Ramshackle rock music long on fun and short on complexity.
It’s hard to care too much when a band that’s been variating on the same handful of themes for over a decade puts out new music, but when they’re as charming as The Fratellis, the prospect is more appealing. Sure, there’s not much new in their world on the latest album, In Your Own Sweet Time, but it’s still a reliably enjoyable set of tunes.
The ebullient three piece from Scotland continue to make ramshackle rock music long on fun and short on complexity, but for their newest outing, they’ve chosen to go all in on big, hooky ballads while coloring in the details of their usual sound with off-kilter flourishes. Some of those new textures sound fantastic, like the orchestral background on “Starcrossed Lovers,” while others sound out of place, like the Hindu influences on “Advaita Shuffle.” They’re still a straightforward band making brisk jams about romance, nightlife and other stock youth culture subject matter, but they’re leaning into the groove more heavily on this record.
The tracks don’t move at the same breathless pace that’s been a constant for the band since “Flathead” first graced an iPod commercial. Instead, they’re a little more measured and danceable, without losing too much of the raucous tone that’s been a staple of their sound for ages. This is a welcome change of pace, except for the fact that this new pace is largely consistent across the length of the LP. What that means is that, on a track-by-track basis, the new songs are a blast, but the act of actually listening to the entire album makes them feel repetitive and less special.
The A sides are all crowd pleasers, from the defiant strut of opening track “Stand Up Tragedy” to the ‘70s swagger of big, hippie-feeling ballad “Sugartown,” a song that sounds like something Scooby, Shaggy and the gang might run from ghosts to. Everything bounces along with a T. Rex-y stride, bright and buzzing with pure rock energy tethered to Jon Fratelli’s occasionally effective lyricism.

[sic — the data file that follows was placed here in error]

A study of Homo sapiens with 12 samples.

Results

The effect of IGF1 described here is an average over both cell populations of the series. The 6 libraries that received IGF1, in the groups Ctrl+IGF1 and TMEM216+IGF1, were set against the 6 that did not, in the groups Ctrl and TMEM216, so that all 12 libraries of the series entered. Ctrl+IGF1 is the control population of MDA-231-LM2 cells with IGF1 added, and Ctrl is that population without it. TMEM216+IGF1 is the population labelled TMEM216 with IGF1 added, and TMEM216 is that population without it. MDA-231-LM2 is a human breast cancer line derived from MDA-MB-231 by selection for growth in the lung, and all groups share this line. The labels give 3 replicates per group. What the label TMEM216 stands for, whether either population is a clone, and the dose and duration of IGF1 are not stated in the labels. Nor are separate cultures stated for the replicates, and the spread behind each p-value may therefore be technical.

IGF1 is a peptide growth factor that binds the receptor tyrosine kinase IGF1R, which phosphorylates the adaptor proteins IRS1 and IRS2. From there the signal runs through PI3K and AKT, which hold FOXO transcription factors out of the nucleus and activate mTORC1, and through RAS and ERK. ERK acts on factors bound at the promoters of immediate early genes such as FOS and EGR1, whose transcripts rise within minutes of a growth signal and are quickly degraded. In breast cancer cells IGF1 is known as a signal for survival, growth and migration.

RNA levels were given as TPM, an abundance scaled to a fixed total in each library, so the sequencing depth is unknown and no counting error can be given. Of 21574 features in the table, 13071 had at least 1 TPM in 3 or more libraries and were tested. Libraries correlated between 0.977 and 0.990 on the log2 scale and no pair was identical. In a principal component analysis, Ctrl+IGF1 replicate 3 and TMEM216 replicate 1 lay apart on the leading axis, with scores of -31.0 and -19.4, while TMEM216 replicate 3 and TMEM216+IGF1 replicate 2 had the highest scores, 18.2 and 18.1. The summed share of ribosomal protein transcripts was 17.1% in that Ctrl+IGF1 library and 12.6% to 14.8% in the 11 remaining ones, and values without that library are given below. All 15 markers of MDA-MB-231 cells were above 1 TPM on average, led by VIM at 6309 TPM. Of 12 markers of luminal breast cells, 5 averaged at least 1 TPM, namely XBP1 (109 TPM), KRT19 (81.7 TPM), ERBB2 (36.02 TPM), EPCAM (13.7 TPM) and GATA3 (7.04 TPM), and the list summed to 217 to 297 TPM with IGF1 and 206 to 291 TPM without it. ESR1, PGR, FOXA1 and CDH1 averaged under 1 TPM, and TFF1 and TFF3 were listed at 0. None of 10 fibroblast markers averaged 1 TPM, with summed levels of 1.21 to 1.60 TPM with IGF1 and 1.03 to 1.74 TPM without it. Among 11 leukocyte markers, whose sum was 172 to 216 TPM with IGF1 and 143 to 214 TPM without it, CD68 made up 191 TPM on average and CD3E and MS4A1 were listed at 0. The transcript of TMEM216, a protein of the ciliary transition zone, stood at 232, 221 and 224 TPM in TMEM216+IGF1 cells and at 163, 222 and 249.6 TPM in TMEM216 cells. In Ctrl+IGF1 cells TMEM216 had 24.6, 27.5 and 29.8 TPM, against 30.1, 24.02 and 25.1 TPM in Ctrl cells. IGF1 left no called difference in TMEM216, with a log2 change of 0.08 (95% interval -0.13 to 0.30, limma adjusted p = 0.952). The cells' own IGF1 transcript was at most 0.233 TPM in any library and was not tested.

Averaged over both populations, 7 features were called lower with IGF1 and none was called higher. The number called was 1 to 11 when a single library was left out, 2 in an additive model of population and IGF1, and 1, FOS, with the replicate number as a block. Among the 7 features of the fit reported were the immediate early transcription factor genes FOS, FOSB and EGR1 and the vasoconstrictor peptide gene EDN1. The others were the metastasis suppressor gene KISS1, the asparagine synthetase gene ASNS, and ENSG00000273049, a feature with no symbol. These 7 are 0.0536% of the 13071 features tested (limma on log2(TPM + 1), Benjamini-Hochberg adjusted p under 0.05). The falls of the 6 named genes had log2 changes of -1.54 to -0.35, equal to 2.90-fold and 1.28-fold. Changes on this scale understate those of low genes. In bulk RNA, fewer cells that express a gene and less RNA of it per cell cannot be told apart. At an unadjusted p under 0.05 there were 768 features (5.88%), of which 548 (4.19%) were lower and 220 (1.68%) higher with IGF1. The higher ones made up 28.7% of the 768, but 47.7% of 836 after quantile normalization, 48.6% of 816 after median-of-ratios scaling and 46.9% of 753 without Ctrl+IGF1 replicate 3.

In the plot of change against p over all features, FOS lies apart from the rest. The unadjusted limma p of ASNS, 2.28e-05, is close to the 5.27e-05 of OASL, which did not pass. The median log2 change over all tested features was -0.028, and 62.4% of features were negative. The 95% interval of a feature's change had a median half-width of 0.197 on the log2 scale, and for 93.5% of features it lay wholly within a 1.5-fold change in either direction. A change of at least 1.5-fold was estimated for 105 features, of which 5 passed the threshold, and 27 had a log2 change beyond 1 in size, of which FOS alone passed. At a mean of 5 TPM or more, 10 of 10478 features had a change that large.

A song like “Next Time We Wed” pairs memorable melodies to his usual flare for clever phrasing and winking wordplay, but later tracks name-checking the theory of relativity or awkwardly quoting “She’ll Be Comin Round The Mountain” stretch this well-worn formula to near parody. That goes double for opening up “Told You So” with “Oh, I miss the womb..” The aforementioned “Starcrossed Lovers,” with a hook ostensibly about Romeo and Juliet, but verses that reference Adam and Eve and other pairings, is the most verbally dexterous, and shows off Jon’s vocal range the best.
Bleeding into “Sugartown,” the two tracks paint a picture of a band finding a new niche, a band confident in its own abilities and pivoting into a more exciting take on its typical house style, but the rest of the album never quite catches up. It’s got some replayable songs and more hits than misses, but it doesn’t rise to the occasion so much as stay the course. But it’s hard to complain when the ride is this fun.